Okay, so it’s an obvious statement, but it’s worth saying because in 2019 goals might be more important than they’ve ever been.
Internet viewers are fragmenting football games into shareable clips that are shaping opinions as much as, if not more than, the full 90 minutes.
If it’s Jack Grealish, that means dives; if it’s Gjanni Alioski, it means physical comedy. If it’s Eddie Nketiah, it means goals.
I don’t know the viewing figures for England Under-21’s 3-2 win over Turkey, but I’m confident that many, many more people have watched Nketiah’s two goals on social media. The goals have been enough. They add to goals in the Carabao Cup and Under-23s, and one in the Championship so that, if all you see is the clips, all you see is a striker who can’t stop scoring.
Now Leeds fans want him to play, Arsenal fans want him to play, Ian Wright wants him to play.
But does Marcelo Bielsa want him to play? I’m sure Bielsa will have watched the whole game. Last season he was the only British-based coach to turn up at Fylde and watch England’s Under-20s – including then-Leeds left-back Tom Pearce – beat Italy. He’ll know about everything his players do for their countries this week, and Nketiah’s goals will surely catch his eye, as they’ve caught everybody else’s.
The way Nketiah arrives into the box, right place, right time and rapid, controlling a low cross that could have come from Jack Harrison for his first, a through ball that Pablo Hernandez could have played for his second, dispatching both like a veteran poacher. We saw plenty of chances like those for Leeds against Swansea City, but they didn’t go into the net. Which might remind Bielsa, as he shuffles his stack of videotapes, where is the latest footage of Patrick Bamford, anyway?
That could also be seen on social media last week: Bamford and Leeds United Women’s Olivia Smart visiting St James’s Hospital to raise awareness of the importance of organ donation – which is important, so please listen to Pat and Olivia and consider joining the organ donation register if you haven’t already.
It was also Bamford’s birthday, and he said his girlfriend had given him a guitar. Before he could play it he was off to training. “I don’t want to say it’s relaxed,” he said, “but it is slightly more relaxed than it is when we’re building up for matches.” Then again, ‘relaxing’ with Bielsa probably means slightly shortening the day’s third session.
Meanwhile, Mick McCarthy was putting his Irish players through their paces, watching Robbie Keane working with the strikers, and resisting the urge to check the read receipt on his last Whatsapp message to Bamford. Bamford turned down McCarthy’s offer of international football last season, when he wanted to concentrate on recovering from serious knee injuries and playing for Leeds. Now Bamford’s recovered from those injuries and McCarthy still wants him, but he’d still rather concentrate on Leeds.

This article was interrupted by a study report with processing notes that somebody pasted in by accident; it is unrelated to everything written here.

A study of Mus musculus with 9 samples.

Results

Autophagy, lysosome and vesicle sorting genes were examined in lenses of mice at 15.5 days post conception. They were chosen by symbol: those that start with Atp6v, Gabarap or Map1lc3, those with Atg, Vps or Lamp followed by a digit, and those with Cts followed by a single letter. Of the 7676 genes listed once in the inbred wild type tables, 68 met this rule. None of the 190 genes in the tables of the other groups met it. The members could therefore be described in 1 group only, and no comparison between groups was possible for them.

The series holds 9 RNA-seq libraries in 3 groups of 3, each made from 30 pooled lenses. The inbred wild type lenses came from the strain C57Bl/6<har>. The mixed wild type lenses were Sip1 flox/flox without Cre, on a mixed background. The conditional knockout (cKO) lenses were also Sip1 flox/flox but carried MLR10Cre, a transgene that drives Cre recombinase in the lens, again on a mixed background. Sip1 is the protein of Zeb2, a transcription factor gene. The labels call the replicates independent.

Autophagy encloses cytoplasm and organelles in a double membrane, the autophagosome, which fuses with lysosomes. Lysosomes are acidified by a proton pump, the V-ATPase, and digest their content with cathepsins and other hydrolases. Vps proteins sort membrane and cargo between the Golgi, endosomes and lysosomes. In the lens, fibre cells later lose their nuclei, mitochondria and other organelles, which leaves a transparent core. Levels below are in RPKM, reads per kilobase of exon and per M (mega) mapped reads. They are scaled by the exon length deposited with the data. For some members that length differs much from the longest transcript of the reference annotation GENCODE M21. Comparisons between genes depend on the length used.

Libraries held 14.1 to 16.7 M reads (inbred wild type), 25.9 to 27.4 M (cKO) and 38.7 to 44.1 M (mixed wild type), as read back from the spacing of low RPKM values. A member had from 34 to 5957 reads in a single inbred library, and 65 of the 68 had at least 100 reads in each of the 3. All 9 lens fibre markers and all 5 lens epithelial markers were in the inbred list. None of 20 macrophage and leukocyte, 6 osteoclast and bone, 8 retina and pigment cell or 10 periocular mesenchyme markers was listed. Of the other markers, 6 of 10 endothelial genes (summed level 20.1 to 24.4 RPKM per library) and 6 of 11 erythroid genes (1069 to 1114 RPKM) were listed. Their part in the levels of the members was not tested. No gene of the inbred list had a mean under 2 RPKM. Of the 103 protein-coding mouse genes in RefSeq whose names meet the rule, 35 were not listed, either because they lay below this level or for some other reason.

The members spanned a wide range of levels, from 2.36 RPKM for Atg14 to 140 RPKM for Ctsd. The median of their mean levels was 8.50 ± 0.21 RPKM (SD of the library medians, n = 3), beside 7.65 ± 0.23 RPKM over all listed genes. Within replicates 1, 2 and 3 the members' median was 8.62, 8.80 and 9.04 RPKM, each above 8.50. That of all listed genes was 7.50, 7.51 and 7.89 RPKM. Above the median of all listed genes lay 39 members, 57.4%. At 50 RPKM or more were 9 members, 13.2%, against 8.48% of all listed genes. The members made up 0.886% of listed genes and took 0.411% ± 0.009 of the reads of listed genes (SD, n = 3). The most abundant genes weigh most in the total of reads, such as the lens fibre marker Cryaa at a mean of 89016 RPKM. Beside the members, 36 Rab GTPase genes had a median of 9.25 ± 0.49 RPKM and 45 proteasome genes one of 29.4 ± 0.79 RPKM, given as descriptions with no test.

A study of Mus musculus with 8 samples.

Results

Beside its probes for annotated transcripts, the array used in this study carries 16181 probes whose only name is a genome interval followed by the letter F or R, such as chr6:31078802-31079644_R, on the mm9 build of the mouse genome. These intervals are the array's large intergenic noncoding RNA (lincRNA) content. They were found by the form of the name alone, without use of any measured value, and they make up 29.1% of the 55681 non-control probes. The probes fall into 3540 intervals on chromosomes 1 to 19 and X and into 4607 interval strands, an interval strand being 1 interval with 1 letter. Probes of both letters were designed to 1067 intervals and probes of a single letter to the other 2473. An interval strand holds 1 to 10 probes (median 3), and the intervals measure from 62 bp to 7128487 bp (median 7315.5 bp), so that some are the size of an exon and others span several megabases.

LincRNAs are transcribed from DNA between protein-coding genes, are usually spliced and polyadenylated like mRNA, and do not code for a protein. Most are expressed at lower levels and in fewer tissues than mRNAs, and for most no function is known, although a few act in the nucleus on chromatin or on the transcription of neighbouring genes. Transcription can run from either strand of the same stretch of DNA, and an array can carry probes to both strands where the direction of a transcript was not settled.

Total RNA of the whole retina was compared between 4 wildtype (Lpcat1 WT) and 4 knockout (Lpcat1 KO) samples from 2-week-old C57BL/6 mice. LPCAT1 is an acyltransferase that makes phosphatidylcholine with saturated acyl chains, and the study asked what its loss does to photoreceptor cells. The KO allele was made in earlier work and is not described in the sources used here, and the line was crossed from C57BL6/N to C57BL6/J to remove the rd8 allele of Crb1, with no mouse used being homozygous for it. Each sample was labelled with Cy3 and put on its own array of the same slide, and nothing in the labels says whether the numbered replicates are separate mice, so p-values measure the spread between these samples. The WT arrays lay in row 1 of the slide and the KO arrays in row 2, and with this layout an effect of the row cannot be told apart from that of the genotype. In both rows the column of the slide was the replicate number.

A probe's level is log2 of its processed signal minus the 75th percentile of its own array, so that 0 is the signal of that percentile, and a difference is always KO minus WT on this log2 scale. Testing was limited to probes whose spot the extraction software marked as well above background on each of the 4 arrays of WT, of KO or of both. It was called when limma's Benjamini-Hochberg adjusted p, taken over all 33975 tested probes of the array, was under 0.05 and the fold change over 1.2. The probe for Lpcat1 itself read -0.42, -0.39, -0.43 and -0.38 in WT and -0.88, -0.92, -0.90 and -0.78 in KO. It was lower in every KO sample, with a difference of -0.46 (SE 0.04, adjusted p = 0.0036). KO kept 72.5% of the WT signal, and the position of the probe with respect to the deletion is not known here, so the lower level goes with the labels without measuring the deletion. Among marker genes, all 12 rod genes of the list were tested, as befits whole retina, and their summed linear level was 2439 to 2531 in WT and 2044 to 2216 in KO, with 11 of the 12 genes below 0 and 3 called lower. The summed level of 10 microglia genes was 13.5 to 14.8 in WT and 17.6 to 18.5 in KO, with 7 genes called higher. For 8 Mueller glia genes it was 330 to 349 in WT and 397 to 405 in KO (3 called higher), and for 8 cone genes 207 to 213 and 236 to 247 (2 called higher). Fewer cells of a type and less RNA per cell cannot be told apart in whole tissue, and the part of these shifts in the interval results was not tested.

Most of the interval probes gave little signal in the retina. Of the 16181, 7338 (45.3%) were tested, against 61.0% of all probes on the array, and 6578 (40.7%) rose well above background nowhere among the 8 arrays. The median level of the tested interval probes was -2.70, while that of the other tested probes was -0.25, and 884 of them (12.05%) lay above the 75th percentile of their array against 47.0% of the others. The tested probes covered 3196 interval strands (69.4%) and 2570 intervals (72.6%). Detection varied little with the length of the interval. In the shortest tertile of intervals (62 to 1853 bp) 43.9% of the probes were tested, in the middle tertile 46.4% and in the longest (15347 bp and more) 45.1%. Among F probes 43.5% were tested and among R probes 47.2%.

It’s a laudable stance from United’s point of view, but it feels like an opportunity passing Bamford by. He spoke last week about how he had a good start in the game when he was 21, but, “Then I had a few years when I didn’t really play ... I still feel like I have not actually been playing for that long.”
This was on his 26th birthday. He’s another victim of Chelsea’s farm-and-loan youth policy that seems to have bred a group of placid drifters; we saw Lewis Baker last season, a 24-year-old now off to his eighth club; Leeds is Bamford’s 10th. Time doesn’t wait forever.
People who have worked with Bamford say he has a steely inner confidence, but I can’t help wishing on his behalf that he’d shown it when McCarthy came calling. With his knees now strong, why shouldn’t he play for Leeds, but also go and claim the Irish number nine shirt as his own, starting their games and scoring their goals, so that it’s his goals being shared around social media, his name dominating the fans’ thoughts?
In many ways Bamford has done everything right in this international break. He has kept his head down, kept working in training, kept his focus where we want it: on Leeds. But goals are important in football, and perhaps when Bamford finally sat down after a hard day’s Bielsa, to strum his birthday guitar, the tune he heard was, ‘Eddie, Eddie, Eddie’.
Daniel Chapman has co-edited Leeds United fanzine and podcast The Square Ball since 2011, taking it through this season’s 30th anniversary, and seven nominations for the Football Supporters’ Federation Fanzine of the Year award, winning twice. He’s the author of a new history book about the club, ‘100 Years of Leeds United, 1919-2019’, and is on Twitter as MoscowhiteTSB.